Racing Under the Lights in Brooklyn’s Badass Bike Race

Mj 618_348_red hook crit
Francesco Rachello

In the weeks leading up to his 25th birthday, Dave Trimble was missing something. He was far from home, living in a new city — the Big City — and he was far removed from his old way of life, his old passions, his old habits. He needed a way back, if only for a night.

So he did what any self-respecting former racecar driver from a family of competitive cyclists would do: He used his birthday as an excuse to organize an illegal bike race with 15 or so of his closest cycling friends. "The idea was to make something exciting at my birthday party and to get my bike-racing friends to come to the event," Trimble says. He also organized the race with spectators in mind: The course he laid out passed in front of his apartment on each lap, and was held at night so people were more likely to come. "That was the only time we could get away with it because we had no permits and no money or anything like that."

Fast forward to 2015, and today Trimble is Director of the Red Hook Criterium, an unsanctioned fixed-gear cycling event with international offshoots in Barcelona, Milan, and, new for 2015, London. Gone are the days of racers navigating pedestrians and cars, the threat of being shut down by police a distinct possibility. Present are the days of brand-name sponsorship, courtesy of Rockstar Games, and so many competitors — professionals, semi-pro racers, bike messengers, hardcore amateurs — eager to compete that this year's entries were booked a minute after registration opened online, says Trimble.

But before these days of plenty came some serious salad days; in fact, the whole thing just about ended in 2012. The race had reached its breaking point. It was too big to be held on public roads without the necessary permits from the city, but the city wouldn't issue the permits Trimble needed. And just when it looked like the race would fold, a friend who worked for New York City's Economic Development Corporation had an idea: Move the race to the Brooklyn Cruise Terminal, a cruise-ship port sandwiched between the post-industrial, shabby-chic residential confines of Red Hook and the murky waters of the Hudson River. The terminal, with its open roads closed to public traffic and unused by industrial vehicles at night, was the perfect venue. An agreement was reached.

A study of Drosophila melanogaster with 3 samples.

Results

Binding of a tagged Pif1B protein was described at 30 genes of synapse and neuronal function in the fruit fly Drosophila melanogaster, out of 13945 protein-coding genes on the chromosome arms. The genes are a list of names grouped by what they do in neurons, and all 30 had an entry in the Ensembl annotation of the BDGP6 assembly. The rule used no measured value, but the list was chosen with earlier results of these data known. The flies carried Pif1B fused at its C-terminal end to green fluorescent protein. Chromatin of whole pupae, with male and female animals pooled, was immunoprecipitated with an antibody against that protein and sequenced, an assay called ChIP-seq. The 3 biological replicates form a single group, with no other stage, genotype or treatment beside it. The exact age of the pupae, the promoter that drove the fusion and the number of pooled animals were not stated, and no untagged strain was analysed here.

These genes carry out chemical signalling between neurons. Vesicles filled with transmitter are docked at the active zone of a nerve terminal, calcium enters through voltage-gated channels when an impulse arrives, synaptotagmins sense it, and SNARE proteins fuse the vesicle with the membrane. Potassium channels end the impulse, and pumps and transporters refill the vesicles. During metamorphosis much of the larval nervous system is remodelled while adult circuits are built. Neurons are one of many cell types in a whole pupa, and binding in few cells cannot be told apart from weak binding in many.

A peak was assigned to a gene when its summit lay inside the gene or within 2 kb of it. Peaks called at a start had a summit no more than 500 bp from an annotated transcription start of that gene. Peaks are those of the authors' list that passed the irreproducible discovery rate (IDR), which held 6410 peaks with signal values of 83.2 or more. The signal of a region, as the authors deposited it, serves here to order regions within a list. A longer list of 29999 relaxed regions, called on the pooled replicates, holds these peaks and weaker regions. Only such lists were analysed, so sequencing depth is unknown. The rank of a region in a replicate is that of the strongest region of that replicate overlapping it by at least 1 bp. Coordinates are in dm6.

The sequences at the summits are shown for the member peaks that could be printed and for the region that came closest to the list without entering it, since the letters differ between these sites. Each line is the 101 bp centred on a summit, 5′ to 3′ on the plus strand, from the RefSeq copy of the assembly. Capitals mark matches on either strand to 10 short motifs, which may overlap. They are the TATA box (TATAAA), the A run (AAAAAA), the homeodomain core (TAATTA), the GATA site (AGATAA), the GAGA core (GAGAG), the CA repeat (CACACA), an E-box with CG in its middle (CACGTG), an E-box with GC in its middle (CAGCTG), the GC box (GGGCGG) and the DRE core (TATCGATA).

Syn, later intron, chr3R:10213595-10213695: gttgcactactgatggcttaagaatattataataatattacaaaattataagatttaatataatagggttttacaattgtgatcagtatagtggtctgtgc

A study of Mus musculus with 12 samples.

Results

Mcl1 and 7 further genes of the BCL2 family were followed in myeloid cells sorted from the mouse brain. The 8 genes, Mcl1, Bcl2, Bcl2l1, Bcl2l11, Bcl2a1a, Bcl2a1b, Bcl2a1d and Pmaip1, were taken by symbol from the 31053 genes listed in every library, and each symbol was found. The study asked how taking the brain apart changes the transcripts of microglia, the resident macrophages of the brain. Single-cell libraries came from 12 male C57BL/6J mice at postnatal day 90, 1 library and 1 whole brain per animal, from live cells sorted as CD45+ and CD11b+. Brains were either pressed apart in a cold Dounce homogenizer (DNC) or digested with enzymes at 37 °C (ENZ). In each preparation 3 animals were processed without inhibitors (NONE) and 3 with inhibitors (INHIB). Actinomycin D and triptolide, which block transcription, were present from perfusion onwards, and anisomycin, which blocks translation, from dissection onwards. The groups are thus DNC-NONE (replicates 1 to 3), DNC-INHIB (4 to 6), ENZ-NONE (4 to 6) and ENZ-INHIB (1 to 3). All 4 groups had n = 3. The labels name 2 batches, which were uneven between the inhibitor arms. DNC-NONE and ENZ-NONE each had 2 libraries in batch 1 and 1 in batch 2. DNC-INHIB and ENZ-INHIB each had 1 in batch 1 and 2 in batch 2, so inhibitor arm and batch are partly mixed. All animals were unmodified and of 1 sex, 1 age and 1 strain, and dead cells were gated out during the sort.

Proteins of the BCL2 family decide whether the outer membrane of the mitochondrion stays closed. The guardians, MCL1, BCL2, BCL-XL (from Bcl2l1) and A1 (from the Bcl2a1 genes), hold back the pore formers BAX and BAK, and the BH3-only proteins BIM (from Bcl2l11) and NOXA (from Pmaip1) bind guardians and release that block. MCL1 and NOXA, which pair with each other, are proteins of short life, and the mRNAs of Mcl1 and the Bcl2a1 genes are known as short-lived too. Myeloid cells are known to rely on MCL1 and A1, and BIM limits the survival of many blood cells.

"The whole thing came together about a week before the [2012] race," Trimble says.

The race moved locations but kept its post-sunset start time — a block-party atmosphere is part of the Crit's DNA — and it has continued to surge in popularity since the move; Trimble says spectatorship grows each year and that 4,000 people attended in 2014.


Yet, once settled in New York, Trimble still had that racing itch. 

"I really missed the kind of wheel-to-wheel competition of kart racing, and then bike racing was in my family — it was accessible and it was affordable." Then, riding his bike back to his new home in Red Hook after work, night after night, the idea dawned on him.

"I never really had any ambitions for it or knew where it could go," Trimble says. "I was just going home late at night, riding around in the streets and thinking, 'Wow, it's empty. I could hold a race here.' If I had lived somewhere else it probably never would've crossed my mind."